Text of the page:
Comorbidity, disability and geriatric syndromes in elderly breast cancer survivors. Results of a single-center experience.Crit Rev Oncol Hematol. 2010 Mar; 73(3):236-45.CR
Advancing age is a major risk factor for breast cancer. Long-term follow-up is recommended after diagnosis and treatment of early breast cancer. With older age, the risk of comorbid conditions and functional impairment increases. A useful tool in the management and follow-up of these elderly patients could be a comprehensive geriatric assessment (CGA).
A descriptive, transversal study was carried out of the prevalence of other comorbidities and of the functional impairment in elderly patients on follow-up after curative treatment of early breast cancer.
Women aged> or =70 at diagnosis; early breast cancer treated surgically. No disease recurrence allowed.
CGA was conducted in an oncology unit using screening instruments (activities of daily living [ADL]; instrumental activities of daily living [IADL]; body mass index [BMI]; geriatric depression scale [GDS]). Cognitive status was reported by the patient. Comorbidity was classified using the Charlson score.
From January 2005 to June 2006 91 patients were seen. Mean age at surgery: 76 (70-92). Mean age at CGA: 80 (71-95). Aged population (almost 25% were more than 84 at the time of CGA). Median follow-up: 5 years (range 1-12). Good performance status (PS) in most (only 9% PS 2). Eighty-three percent were fully independent for ADL and 71% for IADL. IADL most affected was the ability to drive/use public transport. Twenty-eight percent had geriatric syndromes and 23% were classified as "frail". Increased age was associated with worsening PS (p=0.0001) and worsening function (ADL p<0.0001 and IADL p<0.0001). The study is remarkable for the high comorbidity index found in the elderly survivors. Median Charlson score was 2 (1-6). More than 75% of the series had a score >/=4. Cardiovascular disease (hypertension) was the most prevalent comorbid condition. As an effect of this, the majority of patients were polymedicated (75% took more than six drugs). Comorbidity was independent of functionality and age.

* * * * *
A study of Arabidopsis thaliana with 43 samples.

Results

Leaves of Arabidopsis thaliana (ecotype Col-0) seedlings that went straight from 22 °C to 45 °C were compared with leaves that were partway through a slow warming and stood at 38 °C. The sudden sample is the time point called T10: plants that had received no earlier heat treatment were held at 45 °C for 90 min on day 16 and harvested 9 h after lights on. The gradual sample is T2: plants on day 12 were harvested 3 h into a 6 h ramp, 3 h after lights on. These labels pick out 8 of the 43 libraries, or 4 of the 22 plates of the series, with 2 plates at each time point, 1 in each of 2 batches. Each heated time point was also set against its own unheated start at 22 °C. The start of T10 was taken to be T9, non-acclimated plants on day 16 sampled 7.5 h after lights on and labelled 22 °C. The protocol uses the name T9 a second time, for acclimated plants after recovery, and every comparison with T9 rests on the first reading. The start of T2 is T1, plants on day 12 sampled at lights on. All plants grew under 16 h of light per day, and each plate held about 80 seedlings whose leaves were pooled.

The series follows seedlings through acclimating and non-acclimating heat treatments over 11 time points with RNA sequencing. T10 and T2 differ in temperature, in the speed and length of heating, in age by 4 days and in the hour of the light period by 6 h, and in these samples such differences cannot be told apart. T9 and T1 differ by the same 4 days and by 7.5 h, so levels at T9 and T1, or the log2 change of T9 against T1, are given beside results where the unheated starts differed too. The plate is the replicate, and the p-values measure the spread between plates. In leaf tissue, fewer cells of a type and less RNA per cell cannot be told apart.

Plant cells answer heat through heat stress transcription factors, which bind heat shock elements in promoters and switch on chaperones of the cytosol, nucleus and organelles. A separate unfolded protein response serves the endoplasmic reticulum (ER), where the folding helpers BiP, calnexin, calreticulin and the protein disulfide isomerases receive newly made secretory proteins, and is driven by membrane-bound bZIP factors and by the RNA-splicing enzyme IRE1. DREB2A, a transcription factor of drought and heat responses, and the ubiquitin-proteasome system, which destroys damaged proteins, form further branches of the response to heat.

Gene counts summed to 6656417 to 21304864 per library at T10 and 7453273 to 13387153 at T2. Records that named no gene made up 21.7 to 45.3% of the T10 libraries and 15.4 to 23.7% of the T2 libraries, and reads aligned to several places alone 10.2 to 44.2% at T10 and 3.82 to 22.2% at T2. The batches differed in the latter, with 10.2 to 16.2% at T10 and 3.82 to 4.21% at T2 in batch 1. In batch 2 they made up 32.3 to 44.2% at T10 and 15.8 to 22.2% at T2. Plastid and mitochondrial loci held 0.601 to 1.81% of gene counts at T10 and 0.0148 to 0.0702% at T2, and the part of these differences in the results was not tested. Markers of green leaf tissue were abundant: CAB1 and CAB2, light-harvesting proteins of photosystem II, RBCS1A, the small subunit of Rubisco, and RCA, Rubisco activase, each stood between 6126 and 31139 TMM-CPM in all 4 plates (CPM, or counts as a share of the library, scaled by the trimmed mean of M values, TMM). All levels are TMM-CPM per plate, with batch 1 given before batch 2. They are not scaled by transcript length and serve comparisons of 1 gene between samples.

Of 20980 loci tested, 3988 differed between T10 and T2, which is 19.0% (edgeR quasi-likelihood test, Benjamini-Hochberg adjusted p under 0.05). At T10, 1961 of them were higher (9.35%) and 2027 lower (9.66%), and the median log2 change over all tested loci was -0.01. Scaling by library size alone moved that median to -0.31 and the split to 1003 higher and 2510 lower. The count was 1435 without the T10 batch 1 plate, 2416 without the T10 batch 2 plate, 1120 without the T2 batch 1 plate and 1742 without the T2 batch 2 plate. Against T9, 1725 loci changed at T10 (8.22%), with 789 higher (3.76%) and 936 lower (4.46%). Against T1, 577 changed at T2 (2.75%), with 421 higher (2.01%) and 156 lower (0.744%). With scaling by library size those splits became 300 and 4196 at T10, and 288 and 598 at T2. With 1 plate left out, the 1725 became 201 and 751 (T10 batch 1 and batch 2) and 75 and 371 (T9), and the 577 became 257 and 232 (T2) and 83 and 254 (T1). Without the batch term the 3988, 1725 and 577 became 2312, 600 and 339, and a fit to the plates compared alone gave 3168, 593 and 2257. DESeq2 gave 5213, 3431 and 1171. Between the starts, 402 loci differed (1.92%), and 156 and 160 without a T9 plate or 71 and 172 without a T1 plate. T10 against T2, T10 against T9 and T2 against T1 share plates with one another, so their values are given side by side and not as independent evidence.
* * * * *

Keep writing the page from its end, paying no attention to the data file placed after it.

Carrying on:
Older patients with early breast cancer on follow-up have a high prevalence of comorbidity. In our series, function and independence were maintained. A selection bias cannot be excluded, as the fitter patients are those who usually continue with the follow-up, while those frail patients who do not continue because of their functional impairment are usually lost.